The California Senate on Thursday voted down a state measure that would require smarter anti-theft security on smartphones. The bill, introduced by State Senator Mark Leno and sponsored by George Gascon, San Francisco's district attorney, would have required a so-called kill switch which would render a smartphone useless after it was stolen on all smartphones sold in California. The proposal needed 21 votes to pass in the 40-member chamber. After debate on Thursday morning at the Capitol, in Sacramento, it fell two votes short of passing, with a final count of 19 to 17 in favor.
The crime rate related to smart phone theft is ridiculously high in larger cities. Requiring this feature to be present and to be easily accessible by the phone owner would tank the market for reselling stolen phones. Smaller resale market would result in fewer thefts.
They could also spend that money reducing the incentive to commit such crimes.
http://www.dailykos.com/story/2013/12/23/1264917/- An-Improbable-Solution-to-Homelessness-Arises-in-U tah-Provide-the-Homeless-With-Homes# [dailykos.com]
In 2005, Utah calculated the annual cost of E.R. visits and jail stays for an average homeless person was $16,670, while the cost of providing an apartment and social worker would be $11,000.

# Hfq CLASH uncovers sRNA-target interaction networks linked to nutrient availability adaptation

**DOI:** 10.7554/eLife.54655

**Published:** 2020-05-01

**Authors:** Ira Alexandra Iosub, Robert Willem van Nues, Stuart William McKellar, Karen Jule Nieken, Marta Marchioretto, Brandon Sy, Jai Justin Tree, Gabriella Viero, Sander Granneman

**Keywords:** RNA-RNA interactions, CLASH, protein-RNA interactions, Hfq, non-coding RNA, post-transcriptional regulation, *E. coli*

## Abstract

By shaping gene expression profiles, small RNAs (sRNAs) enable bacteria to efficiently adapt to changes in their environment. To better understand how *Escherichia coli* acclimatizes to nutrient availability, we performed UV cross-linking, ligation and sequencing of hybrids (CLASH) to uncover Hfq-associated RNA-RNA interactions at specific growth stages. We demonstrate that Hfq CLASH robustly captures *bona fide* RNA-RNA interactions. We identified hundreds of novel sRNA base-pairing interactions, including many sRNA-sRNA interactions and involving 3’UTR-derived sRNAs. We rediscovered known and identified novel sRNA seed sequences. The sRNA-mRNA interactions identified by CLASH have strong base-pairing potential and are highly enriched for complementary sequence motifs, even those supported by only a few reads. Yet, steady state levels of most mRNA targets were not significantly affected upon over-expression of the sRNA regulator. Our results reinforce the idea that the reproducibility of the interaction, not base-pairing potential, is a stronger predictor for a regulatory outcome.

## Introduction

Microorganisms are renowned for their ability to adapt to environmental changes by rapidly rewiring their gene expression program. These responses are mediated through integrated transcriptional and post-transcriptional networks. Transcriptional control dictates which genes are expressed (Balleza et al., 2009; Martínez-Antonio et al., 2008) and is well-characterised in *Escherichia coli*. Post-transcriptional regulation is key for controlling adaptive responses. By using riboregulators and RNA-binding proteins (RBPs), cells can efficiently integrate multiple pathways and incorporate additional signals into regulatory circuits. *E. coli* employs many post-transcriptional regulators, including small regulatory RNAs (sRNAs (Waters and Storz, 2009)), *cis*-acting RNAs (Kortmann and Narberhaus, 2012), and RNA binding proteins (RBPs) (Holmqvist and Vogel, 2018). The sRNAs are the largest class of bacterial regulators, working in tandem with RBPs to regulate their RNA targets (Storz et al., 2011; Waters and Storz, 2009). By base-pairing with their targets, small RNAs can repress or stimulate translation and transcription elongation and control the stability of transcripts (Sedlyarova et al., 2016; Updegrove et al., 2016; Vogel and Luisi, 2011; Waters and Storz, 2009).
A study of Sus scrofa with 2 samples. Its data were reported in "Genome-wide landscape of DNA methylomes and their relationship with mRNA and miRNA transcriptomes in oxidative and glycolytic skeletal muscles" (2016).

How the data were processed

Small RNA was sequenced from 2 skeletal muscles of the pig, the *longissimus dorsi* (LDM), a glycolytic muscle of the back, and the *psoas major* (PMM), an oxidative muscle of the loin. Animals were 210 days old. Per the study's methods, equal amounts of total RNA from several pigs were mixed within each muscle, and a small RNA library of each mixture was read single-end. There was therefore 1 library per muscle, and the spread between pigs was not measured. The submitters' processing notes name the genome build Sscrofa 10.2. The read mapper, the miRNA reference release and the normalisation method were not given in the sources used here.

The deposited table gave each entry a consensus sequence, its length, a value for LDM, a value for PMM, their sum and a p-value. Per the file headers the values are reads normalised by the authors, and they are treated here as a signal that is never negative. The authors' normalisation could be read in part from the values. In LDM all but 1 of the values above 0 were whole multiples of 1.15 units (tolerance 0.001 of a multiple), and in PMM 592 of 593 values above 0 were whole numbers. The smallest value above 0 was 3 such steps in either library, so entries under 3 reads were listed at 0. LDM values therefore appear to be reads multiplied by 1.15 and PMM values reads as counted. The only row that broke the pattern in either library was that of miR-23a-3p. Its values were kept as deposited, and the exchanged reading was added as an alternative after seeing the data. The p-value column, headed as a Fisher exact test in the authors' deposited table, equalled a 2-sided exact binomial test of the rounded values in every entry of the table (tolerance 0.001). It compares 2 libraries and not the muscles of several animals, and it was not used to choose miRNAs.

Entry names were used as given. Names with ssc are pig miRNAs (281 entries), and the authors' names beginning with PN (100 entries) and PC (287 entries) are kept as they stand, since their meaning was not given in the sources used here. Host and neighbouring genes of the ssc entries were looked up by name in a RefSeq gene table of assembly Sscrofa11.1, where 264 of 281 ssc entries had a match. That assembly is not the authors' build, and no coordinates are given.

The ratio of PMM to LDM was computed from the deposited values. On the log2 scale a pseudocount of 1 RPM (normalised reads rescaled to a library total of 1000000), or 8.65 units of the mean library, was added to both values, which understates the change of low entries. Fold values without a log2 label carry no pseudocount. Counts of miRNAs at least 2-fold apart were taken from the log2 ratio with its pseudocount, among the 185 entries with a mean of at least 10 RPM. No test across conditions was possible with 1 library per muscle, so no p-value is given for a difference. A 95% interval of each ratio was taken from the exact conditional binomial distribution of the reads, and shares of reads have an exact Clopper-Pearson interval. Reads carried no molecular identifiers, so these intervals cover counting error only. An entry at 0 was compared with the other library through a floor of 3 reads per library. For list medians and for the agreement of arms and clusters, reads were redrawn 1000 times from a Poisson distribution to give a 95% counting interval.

So, in at least some cases, you can reduce the money spent on crime by giving that money to the criminals themselves!
even better, you can actually prevent them from ever becoming criminals by giving them money/spending it on them. in lots of places with harsh winters, lots of homeless folks intentionally commit crimes so they can ride out winter in jail; 3 hots and a cot in a warm concrete box beats freezing to death.
there's also the issue that in lots of states, if you've ever been convicted of a drug crime, you can never ever get food stamps, often forcing them to resort to crime just to eat. its disgusting.